Last year, I had the enjoyable experience of co-authoring a book, THE EDGER, with my sister Sharon Goldman, an award-winning landscape artist from Ponte Vedra Beach, Florida, where our story is set. Sharon has lofty goals. She imagines us appearing on “Oprah,” and touring the country together signing our book. Being an artist, she’s visualized that outcome. I tried to explain the realities of the publishing world, but she is dreaming big. I am proud because I think I have done some of my best work and the process of creating this book with my sister long-distance turned out to be easier than I thought.
In THE EDGER, an 85-000-word women’s fiction, landscape artist Alexandra Newborn’s shocking reunion with her college art professor, Nick Anselmo, now a homeless lawn man, sows the seeds for murder, mystery and romance.
Sharon was inspired by the story to create the artwork above. Following is an excerpt from our manuscript, the Prologue of THE EDGER.
Everyone thinks I murdered my husband. Believe me, I wanted to. That’s why I’m stuck in this stark, colorless jail cell wearing an unfashionable orange jumpsuit, which my personal shopper at Bloomingdale’s would find highly offensive. She knows I’m more of an Eileen Fisher woman.
Why I was singled out, when there are enough suspects for a game of Cutthroat, is a mystery. The Jacksonville Beach Police Department is also looking at my former college art professor—hot and homeless Nick Anselmo, who has since skipped town; and my husband Mark’s mistress—cool, blonde home wrecker Bitsy Diamond. By rights, that woman should be cooling her Jimmy Choos in a jail cell, but the police are not looking very hard in other directions because they’re convinced I’m the guilty party.
Maybe it was the red stains the cops found splattered all over my studio and soaking my nightgown when they came to inform me that Mark’s body had washed up in front of Bitsy’s beach house.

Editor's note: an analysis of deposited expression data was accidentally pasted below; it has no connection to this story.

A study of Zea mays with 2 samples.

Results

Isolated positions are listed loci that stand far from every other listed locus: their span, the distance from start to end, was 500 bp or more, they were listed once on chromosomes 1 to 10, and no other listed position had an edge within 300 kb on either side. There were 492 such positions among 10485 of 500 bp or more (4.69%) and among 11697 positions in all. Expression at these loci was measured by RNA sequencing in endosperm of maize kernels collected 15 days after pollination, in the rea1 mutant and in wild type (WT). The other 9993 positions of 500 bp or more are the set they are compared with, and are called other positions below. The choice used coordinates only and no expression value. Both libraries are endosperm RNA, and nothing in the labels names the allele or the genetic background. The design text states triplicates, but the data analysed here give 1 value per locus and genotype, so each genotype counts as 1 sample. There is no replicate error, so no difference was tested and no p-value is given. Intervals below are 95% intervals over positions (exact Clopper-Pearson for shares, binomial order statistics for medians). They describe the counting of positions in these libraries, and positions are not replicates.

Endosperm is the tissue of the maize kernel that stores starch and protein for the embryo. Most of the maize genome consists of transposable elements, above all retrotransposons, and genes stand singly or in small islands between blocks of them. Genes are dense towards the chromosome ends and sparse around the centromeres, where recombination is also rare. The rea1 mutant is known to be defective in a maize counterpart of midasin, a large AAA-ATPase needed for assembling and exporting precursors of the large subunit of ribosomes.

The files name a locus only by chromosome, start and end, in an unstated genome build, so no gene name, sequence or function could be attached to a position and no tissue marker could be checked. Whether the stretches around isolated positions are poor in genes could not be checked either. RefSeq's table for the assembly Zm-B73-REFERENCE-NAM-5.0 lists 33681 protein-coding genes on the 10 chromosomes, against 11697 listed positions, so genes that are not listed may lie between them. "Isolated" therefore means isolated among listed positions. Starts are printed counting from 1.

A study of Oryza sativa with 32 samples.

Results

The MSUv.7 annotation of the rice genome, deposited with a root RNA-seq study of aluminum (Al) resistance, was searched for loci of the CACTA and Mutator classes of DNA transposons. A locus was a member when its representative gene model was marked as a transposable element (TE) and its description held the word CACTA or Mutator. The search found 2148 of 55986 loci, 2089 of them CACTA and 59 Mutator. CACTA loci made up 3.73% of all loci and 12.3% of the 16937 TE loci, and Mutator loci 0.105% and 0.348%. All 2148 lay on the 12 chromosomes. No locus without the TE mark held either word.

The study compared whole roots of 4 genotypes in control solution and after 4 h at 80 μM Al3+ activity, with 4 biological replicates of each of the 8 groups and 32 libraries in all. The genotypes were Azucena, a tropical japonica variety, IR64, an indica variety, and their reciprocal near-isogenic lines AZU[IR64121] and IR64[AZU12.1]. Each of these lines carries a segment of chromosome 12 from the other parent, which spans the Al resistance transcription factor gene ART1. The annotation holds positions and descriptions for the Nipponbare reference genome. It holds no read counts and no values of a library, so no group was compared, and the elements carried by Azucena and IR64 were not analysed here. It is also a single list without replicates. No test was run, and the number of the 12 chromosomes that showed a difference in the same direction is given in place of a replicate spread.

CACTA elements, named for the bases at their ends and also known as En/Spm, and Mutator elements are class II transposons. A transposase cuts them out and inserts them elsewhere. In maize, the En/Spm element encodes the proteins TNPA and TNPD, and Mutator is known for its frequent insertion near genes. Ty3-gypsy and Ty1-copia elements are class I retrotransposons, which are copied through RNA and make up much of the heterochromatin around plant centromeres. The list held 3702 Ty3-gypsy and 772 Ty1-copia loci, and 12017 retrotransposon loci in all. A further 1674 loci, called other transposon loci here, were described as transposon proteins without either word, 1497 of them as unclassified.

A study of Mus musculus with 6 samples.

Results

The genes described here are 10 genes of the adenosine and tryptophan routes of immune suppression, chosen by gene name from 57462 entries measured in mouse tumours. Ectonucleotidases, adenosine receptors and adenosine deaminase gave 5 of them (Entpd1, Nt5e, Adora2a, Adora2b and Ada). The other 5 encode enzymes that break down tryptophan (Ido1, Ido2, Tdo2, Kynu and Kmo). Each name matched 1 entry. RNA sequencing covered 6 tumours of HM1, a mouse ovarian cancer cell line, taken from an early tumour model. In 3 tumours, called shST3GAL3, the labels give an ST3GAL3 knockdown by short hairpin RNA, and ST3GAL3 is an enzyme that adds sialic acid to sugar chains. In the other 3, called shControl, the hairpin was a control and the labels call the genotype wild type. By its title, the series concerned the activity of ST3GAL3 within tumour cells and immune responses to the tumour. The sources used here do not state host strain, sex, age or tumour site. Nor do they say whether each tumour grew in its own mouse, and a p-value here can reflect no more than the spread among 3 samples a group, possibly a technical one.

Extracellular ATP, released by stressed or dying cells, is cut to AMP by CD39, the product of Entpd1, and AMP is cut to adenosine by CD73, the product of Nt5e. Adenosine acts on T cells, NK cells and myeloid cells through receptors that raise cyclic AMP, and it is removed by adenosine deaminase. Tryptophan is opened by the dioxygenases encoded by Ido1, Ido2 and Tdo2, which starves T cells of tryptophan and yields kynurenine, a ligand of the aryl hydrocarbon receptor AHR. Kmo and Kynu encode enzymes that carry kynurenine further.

My toxicology results seem to be MIA at the Florida Department of Law Enforcement. Where is CSI Miami when you need them? Jacksonville Beach is no Miami, which is why I’m still sitting in the slammer waiting for my lawyer, Mr. Redmond “Red” Cross, to provide some relief from this domestic disaster, and wondering where it all went wrong.
I’m wondering whether I will be allowed out to attend my husband’s funeral tomorrow, and if so, how I will explain to my three girls why their mother is arriving in shackles with a police escort. Wondering whether I’ll ever again enjoy the sweet sanctuary of painting outdoors in natural light, measuring the growth of my daughters as they link arms beneath the moss-draped canopy of the bald cypress in our backyard. A cypress that my husband Mark planted, but never nurtured.
The low-maintenance cypress only required pruning to remove any dead or damaged branches and frequent deep watering when it was first planted. But that tree turned out to be very resilient, as it was tolerant of both the wind and Mark’s neglect.
As far as writing craft, I think I’m best at dialogue, pacing and description. I enjoy incorporating humor into my writing and I’m a pantser. Since a mystery is at the heart of our story, a book I’ve found useful is “Writing and Selling Your Mystery Novel,” by Hallie Ephron.
Added: Here’s another example of my sister’s artwork. This one of her own backyard.